No Date (continued)
"Responding to the Threat of Agroterrorism: Specific Recommendations for the United States Department of Agriculture"
Responding to the Threat of Agroterrorism
"Getting Privatization Right: Establishing a Competitive Market for Electricity Generation in Brazil"
Observers of environmental policy increasingly urge regulators to build consensus before making policy decisions. By seeking consensus, regulators are supposed to be able to reduce conflict, increase compliance, improve public policy, and promote public participation. Yet consensus-building markedly shifts the prevailing norms of governance in the United States by de-centering the role of agency officials, making
them facilitators or negotiation partners rather than central, accountable decision makers charged with seeking solutions that advance the overall public interest.
By Robert N. Stavins, Albert Pratt Professor of Business and Government; Member of the Board; Director, Harvard Project on Climate Agreements
There continues to be a great debate about the desirability of taking actions to limit carbon dioxide (CO2) and other greenhouse gas emissions, but it is important to consider policy instruments that can be employed to meet targets that may eventually be forthcoming. The theoretical advantages of market-based instruments,, such as carbon taxes and systems of tradable carbon rights, are striking In the U.S. domestic context, grandfathered tradable permits will probably be the preferred approach (if any) in the short run, although revenue-neutral carbon taxes will hold greater promise in the long run. In the international context, a system of international tradable permits could provide important advantages over alternative approaches, but it is difficult to imagine what existing international institution could adminster such a system. Hence, despite the great theoretical advantages of market-based approaches to addressing global climate change, neither domestic political barriers nor international institutional impediments to implementing these and other instruments should underestimated.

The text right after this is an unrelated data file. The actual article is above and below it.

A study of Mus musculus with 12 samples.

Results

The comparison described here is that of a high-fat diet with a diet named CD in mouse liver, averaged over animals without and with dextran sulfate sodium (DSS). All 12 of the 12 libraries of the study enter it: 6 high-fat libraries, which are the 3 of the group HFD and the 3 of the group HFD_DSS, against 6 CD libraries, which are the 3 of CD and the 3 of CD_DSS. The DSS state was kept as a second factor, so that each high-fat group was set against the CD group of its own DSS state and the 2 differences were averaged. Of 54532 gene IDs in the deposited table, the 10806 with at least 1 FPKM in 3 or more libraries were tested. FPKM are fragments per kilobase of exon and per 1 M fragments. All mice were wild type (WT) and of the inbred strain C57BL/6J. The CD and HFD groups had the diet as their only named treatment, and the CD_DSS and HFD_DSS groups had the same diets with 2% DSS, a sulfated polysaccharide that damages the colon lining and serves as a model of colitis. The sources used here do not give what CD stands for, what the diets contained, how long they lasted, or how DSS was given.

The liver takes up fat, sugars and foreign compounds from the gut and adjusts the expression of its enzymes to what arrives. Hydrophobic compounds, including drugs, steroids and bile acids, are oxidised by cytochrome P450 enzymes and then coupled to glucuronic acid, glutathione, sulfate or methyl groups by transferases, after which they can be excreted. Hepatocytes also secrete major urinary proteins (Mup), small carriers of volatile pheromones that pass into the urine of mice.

Any serious attempt to address the global climate change problem must involve the diffusion of energy-efficient technologies into the industrial sector of countries critical to future global emissions. China is expected to be the largest emitter of greenhouse gas emissions by early next century due to its high economic growth and reliance on coal. Although the diffusion of energy-efficient technologies in China has increased since the start of market reforms in 1978, much improvement is still needed.